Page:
Original Article: Anne Louise Wyllie, John Fournier, Arnau Casanovas-Massana, Melissa Campbell, Maria Tokuyama, Pavithra Vijayakumar, Bertie Geng, M. Catherine Muenker, Adam J. Moore, Chantal B. F. Vogels, Mary E. Petrone, Isabel M. Ott, Peiwen Lu, Alice Lu-Culligan, Jonathan Klein, Arvind Venkataraman, Rebecca Earnest, Michael Simonov, Rupak Datta, Ryan Handoko, Nida Naushad, Lorenzo R. Sewanan, Jordan Valdez, Elizabeth B. White, Sarah Lapidus, Chaney C. Kalinich, Xiaodong Jiang, Daniel J. Kim, Eriko Kudo, Melissa Linehan, Tianyang Mao, Miyu Moriyama, Ji Eun Oh, Annsea Park, Julio Silva, Eric Song, Takehiro Takahashi, Manabu Taura, Orr-El Weizman, Patrick Wong, Yexin Yang, Santos Bermejo, Camila Odio, Saad B. Omer, Charles S. Dela Cruz, Shelli Farhadian, Richard A. Martinello, Akiko Iwasaki, Nathan D. Grubaugh, Albert I. Ko, Saliva is more sensitive for SARS-CoV-2 detection in COVID-19 patients than nasopharyngeal swabs, MedRxiv pre-print, Aprile 2020.
Author of summary: Mirella Vivoli Vega; Reviewer: Bernadette Basilico
Original Article Published on April 22nd, 2020
The study shows that saliva represents a reliable and more sensitive alternative to nasopharyngeal swabs and could enable self-administered sample collection for accurate large-scale SARS-CoV-2 testing.
Efforts to control SARS-CoV-2 pandemic depend on accurate and rapid diagnostic tests. These tests should also be sensitive in detecting asymptomatic infections to reduce transmission, consistent to monitor disease progression and scalable to inform local and national public health policies, such as when social distancing measures can be safely relaxed. Nasopharyngeal swabs often do not meet these criteria, as they show a relatively poor sensitivity in detecting SARS-CoV-2 in the early stages of infection and inconsistent during serial testing. On the other hand, saliva sampling is an appealing alternative to nasopharyngeal swab, since collecting saliva is non-invasive and easy to self-administer.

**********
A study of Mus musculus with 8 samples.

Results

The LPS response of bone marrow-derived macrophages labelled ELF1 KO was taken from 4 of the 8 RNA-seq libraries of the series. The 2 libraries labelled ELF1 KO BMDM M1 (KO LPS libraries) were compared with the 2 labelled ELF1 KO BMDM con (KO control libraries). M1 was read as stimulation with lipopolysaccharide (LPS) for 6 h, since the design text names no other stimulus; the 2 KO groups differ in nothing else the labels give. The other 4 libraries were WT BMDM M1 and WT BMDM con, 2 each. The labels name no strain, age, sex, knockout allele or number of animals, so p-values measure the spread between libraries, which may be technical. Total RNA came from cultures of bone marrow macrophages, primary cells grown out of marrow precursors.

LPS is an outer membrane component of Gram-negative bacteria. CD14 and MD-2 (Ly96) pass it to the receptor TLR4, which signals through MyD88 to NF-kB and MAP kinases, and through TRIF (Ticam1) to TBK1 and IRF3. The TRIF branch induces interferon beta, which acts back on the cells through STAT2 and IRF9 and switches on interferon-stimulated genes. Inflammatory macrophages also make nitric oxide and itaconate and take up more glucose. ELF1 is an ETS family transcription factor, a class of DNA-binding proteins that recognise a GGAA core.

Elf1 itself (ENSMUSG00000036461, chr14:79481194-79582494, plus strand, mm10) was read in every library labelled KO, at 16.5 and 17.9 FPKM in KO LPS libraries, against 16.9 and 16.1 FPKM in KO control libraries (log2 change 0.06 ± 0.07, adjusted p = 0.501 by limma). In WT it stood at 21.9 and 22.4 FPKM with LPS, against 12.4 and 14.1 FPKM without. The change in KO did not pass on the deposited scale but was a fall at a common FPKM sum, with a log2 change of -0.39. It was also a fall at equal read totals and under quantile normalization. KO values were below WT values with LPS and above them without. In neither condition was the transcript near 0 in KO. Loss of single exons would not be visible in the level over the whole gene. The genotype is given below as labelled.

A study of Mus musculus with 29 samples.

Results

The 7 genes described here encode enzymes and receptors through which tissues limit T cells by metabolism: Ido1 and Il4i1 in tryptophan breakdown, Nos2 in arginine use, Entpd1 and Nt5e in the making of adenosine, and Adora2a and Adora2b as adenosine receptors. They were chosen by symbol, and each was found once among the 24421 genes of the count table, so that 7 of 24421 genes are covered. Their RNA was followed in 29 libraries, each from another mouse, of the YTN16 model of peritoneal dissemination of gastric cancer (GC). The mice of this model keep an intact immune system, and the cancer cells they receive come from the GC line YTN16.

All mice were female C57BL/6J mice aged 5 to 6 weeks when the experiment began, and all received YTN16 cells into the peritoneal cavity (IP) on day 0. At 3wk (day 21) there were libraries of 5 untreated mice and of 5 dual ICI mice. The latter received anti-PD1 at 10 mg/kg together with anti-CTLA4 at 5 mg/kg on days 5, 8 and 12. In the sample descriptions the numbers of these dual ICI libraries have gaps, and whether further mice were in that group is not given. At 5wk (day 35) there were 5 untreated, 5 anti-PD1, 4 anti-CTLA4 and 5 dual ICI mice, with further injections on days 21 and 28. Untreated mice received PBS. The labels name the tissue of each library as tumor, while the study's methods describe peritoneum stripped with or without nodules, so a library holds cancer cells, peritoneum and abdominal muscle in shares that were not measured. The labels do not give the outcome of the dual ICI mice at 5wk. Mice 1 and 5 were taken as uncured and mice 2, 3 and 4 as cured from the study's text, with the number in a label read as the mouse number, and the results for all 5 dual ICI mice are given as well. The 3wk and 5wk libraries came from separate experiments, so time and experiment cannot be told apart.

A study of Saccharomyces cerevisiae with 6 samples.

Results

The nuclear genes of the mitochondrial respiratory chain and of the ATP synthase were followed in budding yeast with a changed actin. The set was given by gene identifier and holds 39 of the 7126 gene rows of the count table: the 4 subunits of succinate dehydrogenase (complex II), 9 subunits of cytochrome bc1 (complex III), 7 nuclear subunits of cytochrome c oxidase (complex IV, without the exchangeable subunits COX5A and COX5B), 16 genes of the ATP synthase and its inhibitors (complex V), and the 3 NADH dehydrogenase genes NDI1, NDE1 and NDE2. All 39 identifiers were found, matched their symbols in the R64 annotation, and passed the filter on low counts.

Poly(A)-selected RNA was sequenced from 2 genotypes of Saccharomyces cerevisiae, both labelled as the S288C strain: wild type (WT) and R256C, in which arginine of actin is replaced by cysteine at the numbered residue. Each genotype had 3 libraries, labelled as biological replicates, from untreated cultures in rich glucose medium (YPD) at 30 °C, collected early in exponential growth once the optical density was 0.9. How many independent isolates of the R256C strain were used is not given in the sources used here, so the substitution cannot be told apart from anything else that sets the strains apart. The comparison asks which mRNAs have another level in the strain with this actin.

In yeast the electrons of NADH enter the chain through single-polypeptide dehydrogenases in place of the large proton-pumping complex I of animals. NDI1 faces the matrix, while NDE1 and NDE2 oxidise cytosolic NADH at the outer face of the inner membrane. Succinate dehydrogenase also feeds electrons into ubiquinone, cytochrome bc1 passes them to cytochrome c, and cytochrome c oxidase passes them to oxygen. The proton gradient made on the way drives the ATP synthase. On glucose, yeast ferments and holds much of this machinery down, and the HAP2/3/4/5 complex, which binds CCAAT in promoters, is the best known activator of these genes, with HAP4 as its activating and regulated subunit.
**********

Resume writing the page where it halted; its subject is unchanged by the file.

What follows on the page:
44 inpatients, SARS-CoV-2 positive through the nasopharyngeal swab, and with severe symptoms were recruited. From this cohort, 121 specimens were analyzed using both saliva and nasopharyngeal swabs. Using the MagMAX Viral/Pathogen Nucleic Acid Isolation kit, containing the specific primers for N1 and N2, the researchers performed the RT-PCR, and calculated the viral titers (number of viruses / mL) only for the N1 set. Samples were classified as positive for SARS-CoV-2 when both N1 and N2 primer-probe sets were detected <38 Ct. The human RNase P (RP) was used as an extraction control. Virus copies were quantified using a 10-fold dilution standard curve of RNA transcripts that we previously generated.
In addition, they enrolled 98 asymptomatic healthcare workers and collected saliva and/or nasopharyngeal swabs every 2.9 days and analyzed by PCR.
- From positive samples of inpatients (46 with nasopharyngeal swab and 37 with saliva) it has emerged that the mean virus titers from saliva were about 5⨉ higher than nasopharyngeal swabs. Comparison between 38 positive samples showed that SARS-CoV-2 titers from saliva were significantly higher than nasopharyngeal swabs.
- The authors found 5 instances where a participant’s nasopharyngeal swab was negative for SARS-CoV-2 followed by a positive result during the next collection, whereas in saliva collections from 12 patients there were no instances in which a sample tested negative and was later followed by a positive result.
- For 2 of 98 asymptomatic health workers, who were negative by nasopharyngeal swabs, saliva tested positive upon repeat testing 2 days later. The limited data supports that saliva may be more sensitive for detecting asymptomatic or pre-symptomatic infections; however, a larger sample size is needed to confirm.
Conclusions. The sensitivity of SARS-CoV-2 detection from saliva is comparable, if not superior to nasopharyngeal swabs in early hospitalization and is more consistent during extended hospitalization and recovery. Moreover, the detection of SARS-CoV-2 from the saliva of 2 asymptomatic healthcare workers despite negative matched nasopharyngeal swabs suggests that saliva may also be a viable alternative for identifying mild or subclinical infections. A saliva SARS-CoV-2 detection assay has already gained approval through the FDA, but to meet the growing testing demands, these findings need an immediate validation and implementation.